2. THE SETTLEMENTS

3. A SACRIFICIAL SITE WITH MILITARY GEAR IN NORTHERN GERMANY

Welcome to the archaeological tour of Süderbrarup! It is here that a little journey into the past begins, which carries you back into the time of the Roman Iron age.  This period was characterized by exchange, but also conflicts between the Romans and Germanic tribes like the Angles once living here. The explanatory tables along the loop trail shall help you to learn about this cryptic site. A presentation of the latest research results and the extraordinary artifacts found here constitute the major aspects of the tour. The historical background of the offerings is also indicated. The community of Süderbrarup hopes you enjoy an interesting walk around the Thorsberg bog!

The Süderbrarup area is home to a remarkable density of archaeological sites and was a special place within the Anglia landscape during the centuries after Christ. In addition to the Thorsberger Moor, several sometimes simultaneously used cemeteries and two settlement sites have been discovered. The largest burial ground, with 1234 known urn cremation graves, was situated below what is today the market square (Fig. 1.1) and was used from the first to the early sixth century A.D. Other burial sites are located to the west of the market square (Fig.1.2) and along the railway line (Fig. 1.3). The area of the nowadays biogas plant (Fig. 1.4) was the site of a settlement consisting of a complex of farm buildings.

The sacrificial spoils of war were ritual depositions of military and personal equipment as well as other objects that might have been used in military context. Such depositions are best known from the waters, lakes and bogs of central and northern Europe, where conditions favoured their preservation and discovery. These locations were presumably chosen because of the religious significance that they held at the time as “transitional zones”, representing a link between the earthly and divine spheres. A very sizeable sacrifice took place on the Thorsberger Moor sometime around the beginning of the 3rd century A.D. Two smaller deposits were made at the end of the 2nd century and around A.D.300.

4. WEAPONS AND OTHER MILITARY EQUIPMENT

5. EXCEPTIONAL FINDS

6. HORSE HARNESSES

Especially in the 3rd century A.D., the Thorsberger Moor served as a sacrificial site for the ritual deposition of weapons and other pieces of military equipment, typically of Germanic origin but at times also Roman. The low pH values of the bog ensured a wide range of conditions for preservation: non-ferrous and precious metals, as well as wood and leather, have all been well-preserved. In contrast, components made of iron, such as sword blades, were completely destroyed. In addition, many of the items deposited were intentionally destroyed, likely as a part of the rituals of the sacrifice ceremony. The wide variety of Roman militaria can be considered evidence that a small group of Germanic people served in the Roman army.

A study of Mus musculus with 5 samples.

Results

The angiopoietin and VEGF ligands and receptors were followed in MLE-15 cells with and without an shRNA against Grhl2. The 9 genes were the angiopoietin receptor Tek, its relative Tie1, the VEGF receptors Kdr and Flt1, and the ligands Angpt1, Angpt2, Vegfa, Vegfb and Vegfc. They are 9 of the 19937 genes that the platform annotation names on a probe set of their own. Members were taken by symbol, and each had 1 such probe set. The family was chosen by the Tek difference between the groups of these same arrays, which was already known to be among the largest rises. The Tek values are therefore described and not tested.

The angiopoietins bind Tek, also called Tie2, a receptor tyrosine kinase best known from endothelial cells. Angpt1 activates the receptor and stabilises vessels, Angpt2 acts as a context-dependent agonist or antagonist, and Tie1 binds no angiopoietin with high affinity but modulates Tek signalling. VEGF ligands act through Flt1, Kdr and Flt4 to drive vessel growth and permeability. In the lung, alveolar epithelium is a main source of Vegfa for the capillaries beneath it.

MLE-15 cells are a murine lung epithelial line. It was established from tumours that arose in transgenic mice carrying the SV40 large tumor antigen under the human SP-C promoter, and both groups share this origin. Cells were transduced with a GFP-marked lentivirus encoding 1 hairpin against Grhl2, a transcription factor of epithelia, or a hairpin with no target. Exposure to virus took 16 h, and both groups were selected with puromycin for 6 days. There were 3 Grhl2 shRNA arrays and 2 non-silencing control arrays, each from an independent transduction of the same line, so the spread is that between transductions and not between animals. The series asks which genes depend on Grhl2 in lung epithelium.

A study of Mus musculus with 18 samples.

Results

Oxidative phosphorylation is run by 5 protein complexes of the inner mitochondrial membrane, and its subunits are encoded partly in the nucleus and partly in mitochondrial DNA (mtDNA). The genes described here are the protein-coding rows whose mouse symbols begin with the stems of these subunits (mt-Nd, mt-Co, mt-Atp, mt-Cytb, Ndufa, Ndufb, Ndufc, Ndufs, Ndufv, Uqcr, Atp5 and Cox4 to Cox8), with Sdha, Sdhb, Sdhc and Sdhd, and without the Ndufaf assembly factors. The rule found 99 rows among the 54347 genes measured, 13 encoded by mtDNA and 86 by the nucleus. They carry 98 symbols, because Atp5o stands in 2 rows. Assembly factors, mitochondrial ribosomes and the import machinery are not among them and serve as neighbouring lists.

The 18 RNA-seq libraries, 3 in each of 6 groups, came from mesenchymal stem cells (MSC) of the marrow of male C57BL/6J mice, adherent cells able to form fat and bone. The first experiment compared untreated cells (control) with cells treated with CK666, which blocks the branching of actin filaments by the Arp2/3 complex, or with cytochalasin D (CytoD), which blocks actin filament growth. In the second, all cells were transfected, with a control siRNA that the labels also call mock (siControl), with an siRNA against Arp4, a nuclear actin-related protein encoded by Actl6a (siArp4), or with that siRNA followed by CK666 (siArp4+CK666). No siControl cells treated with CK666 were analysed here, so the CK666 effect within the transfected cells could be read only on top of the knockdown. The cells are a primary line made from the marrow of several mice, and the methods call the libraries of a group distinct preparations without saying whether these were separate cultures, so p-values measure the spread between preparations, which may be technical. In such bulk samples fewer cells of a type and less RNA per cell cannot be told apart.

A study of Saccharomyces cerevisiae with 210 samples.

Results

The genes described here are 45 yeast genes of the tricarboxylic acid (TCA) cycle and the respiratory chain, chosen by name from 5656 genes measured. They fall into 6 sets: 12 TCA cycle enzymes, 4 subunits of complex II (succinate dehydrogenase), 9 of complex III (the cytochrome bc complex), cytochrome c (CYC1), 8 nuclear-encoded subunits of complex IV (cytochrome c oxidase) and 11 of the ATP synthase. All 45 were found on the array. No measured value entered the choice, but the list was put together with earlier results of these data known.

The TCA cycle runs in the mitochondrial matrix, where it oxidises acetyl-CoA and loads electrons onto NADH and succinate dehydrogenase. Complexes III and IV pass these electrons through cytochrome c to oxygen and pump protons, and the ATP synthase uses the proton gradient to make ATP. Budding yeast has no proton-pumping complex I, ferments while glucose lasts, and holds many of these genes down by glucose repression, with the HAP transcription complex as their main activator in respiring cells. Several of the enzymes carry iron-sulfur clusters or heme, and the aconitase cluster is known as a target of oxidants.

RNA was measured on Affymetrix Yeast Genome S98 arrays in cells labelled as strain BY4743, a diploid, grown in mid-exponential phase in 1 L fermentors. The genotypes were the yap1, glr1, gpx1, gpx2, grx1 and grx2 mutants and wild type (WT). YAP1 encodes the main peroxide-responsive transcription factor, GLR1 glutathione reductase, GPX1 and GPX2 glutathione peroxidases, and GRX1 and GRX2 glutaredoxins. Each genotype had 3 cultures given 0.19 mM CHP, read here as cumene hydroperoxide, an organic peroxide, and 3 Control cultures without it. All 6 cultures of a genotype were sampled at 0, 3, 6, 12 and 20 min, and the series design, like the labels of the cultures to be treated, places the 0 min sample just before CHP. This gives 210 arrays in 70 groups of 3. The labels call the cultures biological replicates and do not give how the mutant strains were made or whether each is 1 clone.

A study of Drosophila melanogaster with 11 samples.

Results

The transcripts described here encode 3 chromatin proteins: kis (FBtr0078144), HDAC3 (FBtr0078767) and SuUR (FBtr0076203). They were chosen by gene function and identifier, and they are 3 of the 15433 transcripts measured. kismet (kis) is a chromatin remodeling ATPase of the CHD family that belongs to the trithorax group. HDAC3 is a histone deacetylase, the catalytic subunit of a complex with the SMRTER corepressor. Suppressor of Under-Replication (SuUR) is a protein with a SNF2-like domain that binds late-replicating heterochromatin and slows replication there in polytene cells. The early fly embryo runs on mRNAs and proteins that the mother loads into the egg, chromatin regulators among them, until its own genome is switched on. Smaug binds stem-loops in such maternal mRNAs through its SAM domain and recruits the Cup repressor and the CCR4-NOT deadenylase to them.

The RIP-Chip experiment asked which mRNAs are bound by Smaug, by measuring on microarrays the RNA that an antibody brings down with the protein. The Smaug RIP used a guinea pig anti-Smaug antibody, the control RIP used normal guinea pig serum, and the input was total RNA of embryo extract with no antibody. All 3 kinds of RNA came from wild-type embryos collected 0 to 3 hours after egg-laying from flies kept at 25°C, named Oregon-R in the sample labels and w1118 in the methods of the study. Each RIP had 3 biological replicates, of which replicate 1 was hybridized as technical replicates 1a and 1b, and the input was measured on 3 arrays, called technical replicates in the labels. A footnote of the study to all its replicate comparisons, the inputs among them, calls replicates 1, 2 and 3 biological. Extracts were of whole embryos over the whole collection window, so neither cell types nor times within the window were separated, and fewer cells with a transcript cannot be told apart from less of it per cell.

Archaeological finds of the Roman Iron Age in Northern Europe are evidence that outwardly visible status symbols played an important role in the society of that time. This was also true in the military environment: while a large proportion of the equipment was made of iron and was often considered low standard, objects made of non-ferrous and precious metals refer to individuals who occupied a higher status within societal hierarchies. Intricately-worked sword belts and horse harness provide evidence of higher ranking officials in the  Thorsberger Moor. Unique  finds are a silver facemask and two gilded, artistically decorated discs.

The horse harnesses from the  Thorsberger Moor belonged to the high-ranking mounted soldiers of the Germanic army units. Sophisticated equipment and magnificent adornments made of non-ferrous metal, silver and gold were testimony to their high rank. It was primarily the commanders of the Germanic armies who were mounted. No other find in all of Barbaricum that is, the region inhabited by what the Romans at that time termed “Barbarians”, on the other side of the limes – contains so many equestrian harness sets as were found at the Thorsberger Moor. They provided clear proof of the Roman influence on the form and construction of German harnesses that were used in armed conflicts.

7. THE THORSBERGER MOOR FIND SITE 8. PALAEOECOLOGICAL STUDIES AT THE THORSBERGER MOOR  
 
Once many extraordinary objects had come to light during the extraction of peat in the 19th century, theThorsberger Moor garnered the focus of the scientic community through the excavations of Helvig Conrad Engelhardt. Like a few other sites in Scandinavia, large numbers of weapons, personal equipment and horse harness were found here. In the meantime, these places have been identified as sites for the sacrifice of spoils of war. The majority of excavated objects are now kept at the Archaeological State Museum Schloss Gottorf (Gottorf Castle, Schleswig) and are part of the permanent exhibitions. The analysis of the peat and lake sediment layers of the Thorsberger Moor indicates changes of the appearance of the bog and its surroundings. Approximately 2.500 to 1.500 years ago, the site was a bog stocked with mosses and cotton-grass. The sacrificial depositions must have taken place in deeper waterholes within the bog. Settlement activities of varying intensity took place from the Neolithic period on, around 5.500 years ago.